Allie X's vision of pop has always been difficult to pin down. Since her popularity exploded in 2015, her image has been guided by macabre, dark aesthetics. Yet, the actual music she makes is much brighter; her electropop sound shimmers with addictive hooks and sparkling synthesizers. "Catch," her breakout song and lead single off of her debut EP, CollXtion I, showcases this contrast spectacularly. Punchy drums and 80s–inspired synths create a dazzling backdrop for Allie X to deliver one of the best hooks of the 2010s: "Just wait until I catch my breath," she sings, pausing to gasp between the words "my" and "breath." That tiny break, that teeny little sixteenth–rest, feels monumental, cavernous, infinite. It makes you tense up and lean in just before the beat kicks back in to dissolve all the built–up tension.

Watching the music video, however, brings all that suspense back. In stuttering, horror movie–esque shots, Allie X sings from a variety of gruesomely intimate positions: lying nude in a pile of mannequins, levitating off the ground while stabbed in the chest with needles, in the middle of an operation where her organs are replaced by plastic ones. It's pretty creepy—a sucker punch which leaves us gasping for air, too. "I’m naturally a macabre kind of person," Allie explained to me, early in our conversation. "It’s not that I love the grotesque, it’s just that I love playing with juxtaposition. I love contrast in art. I love seeing something that is both grotesque and beautiful at the same time." 

On Cape God, her latest album, she deploys all of her morbid sensibilities in a more realistic setting. In the past, Allie described the album as being based on a documentary called Heroin: Cape Cod, USA. When I asked her to elaborate on the concept, she expressed that she "[wants] to be careful" with that description. She continued, "I’ve become aware, recently, that it can come across like I’m appropriating a problem that I haven’t experienced myself... I don't want to come across as an ignorant asshole." As our discussion goes on, she clarifies the concept isn't necessarily guided by a literal examination of the Opioid Crisis, but rather,  "how the characters in the documentary felt: detached, desperate, ashamed, and living day–to–day."

This emotional palette shapes the sound and narrative of Cape God. Many of the songs are sung from Allie's own experiences with pain, rejection, and isolation as a teenager. Cape God is a deeply personal album, constantly oscillating between twistedly dark and morbidly beautiful. Everything you expect from an Allie X project is present—bombastic pop production, gorgeous vocals, catchy hooks—but the extra layer of lurid realism always lurks in the background.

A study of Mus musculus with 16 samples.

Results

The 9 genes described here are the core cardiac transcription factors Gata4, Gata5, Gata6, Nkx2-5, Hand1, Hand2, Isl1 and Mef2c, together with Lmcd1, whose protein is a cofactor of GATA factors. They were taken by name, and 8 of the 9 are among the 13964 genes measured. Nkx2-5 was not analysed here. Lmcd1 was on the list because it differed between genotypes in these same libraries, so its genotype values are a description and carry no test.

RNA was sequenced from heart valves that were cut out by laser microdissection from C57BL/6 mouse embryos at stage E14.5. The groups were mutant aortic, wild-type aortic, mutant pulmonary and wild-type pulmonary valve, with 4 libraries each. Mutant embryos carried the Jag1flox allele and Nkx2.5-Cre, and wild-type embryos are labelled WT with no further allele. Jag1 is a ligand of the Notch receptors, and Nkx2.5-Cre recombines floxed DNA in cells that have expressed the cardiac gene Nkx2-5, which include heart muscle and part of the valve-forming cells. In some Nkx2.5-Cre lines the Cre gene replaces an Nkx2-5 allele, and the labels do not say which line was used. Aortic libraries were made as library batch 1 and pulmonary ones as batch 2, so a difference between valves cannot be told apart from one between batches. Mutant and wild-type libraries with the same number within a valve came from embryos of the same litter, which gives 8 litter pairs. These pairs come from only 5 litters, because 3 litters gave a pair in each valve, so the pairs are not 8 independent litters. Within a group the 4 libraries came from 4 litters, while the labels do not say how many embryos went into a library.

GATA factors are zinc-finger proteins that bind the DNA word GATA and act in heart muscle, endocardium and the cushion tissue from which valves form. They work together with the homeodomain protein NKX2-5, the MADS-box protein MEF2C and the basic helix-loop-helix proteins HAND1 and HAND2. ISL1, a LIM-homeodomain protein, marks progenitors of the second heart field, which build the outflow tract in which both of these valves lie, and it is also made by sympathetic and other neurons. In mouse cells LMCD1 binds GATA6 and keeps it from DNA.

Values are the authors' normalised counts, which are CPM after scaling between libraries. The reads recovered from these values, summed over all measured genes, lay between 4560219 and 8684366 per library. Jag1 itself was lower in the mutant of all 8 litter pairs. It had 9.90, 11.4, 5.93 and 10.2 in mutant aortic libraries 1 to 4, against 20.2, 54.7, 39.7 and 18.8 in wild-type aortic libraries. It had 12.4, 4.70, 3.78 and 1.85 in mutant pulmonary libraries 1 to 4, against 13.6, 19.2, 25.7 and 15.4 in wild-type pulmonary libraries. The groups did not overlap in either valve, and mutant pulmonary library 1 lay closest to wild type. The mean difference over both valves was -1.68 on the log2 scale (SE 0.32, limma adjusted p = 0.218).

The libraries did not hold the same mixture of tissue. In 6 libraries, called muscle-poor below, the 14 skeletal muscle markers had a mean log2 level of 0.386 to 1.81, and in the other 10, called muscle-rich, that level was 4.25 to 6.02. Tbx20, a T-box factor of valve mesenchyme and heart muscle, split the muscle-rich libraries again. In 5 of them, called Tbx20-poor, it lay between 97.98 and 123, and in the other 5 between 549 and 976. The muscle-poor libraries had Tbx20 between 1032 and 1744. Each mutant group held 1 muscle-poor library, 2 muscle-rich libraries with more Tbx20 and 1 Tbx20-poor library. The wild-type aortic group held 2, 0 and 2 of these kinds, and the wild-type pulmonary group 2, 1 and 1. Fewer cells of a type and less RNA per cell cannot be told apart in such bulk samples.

Album opener "Fresh Laundry" immediately sets the tone for this uneasy darkness. The song is markedly downtempo, with a simmering, throbbing bassline for ambiance. After watching the aforementioned documentary, Allie took a trip to Sweden to work with Oscar Gorres and James Ghaleb, the two primary collaborators for the album. "Without even telling Oscar and James, that’s kind of where I was writing from, " she said. "I sort of had this landscape of this East Coast place in mind—I didn’t actually call it Cape God until a few months later...[I was writing about] someone who wanted to go home, but couldn't, someone who decided to be a certain way, and who was now grappling with that and living with that. And that was my own experience." 

Cape God, a play on Cape Cod, isn't the first Allie X record to be guided by a physical place. Her previous EP, Super Sunset, centers around Allie's experience living in LA. As it turns out, these two projects are related. "Originally, I started writing Cape God before I even released the first song from Super Sunset. I started thinking of them as sister records, which would both be EPs, and eventually be released as one big record. One as Side A, one as Side B," she said. "But then, as I wrote Cape God, it really just took on a life of itself. It needed to be a full length album, and it no longer felt like a sister record. I was thinking about the West Coast record, about my present story, and the East Coast story of my past."

As we discuss all the pop innovations that melded the music industry in the past decade, Allie believes honesty is what drives quality in pop. "When someone tells me that it’s honest work: that’s kind of the highest compliment to me. When pop music can be really honest, well, that’s something that I really strive for." Her emphasis on vulnerability rings true through the entirety of Cape God. Just below the gleaming sheen of electropop lies the story of a woman grappling with what's become the new norm: isolation, uncertainty, and anxiety.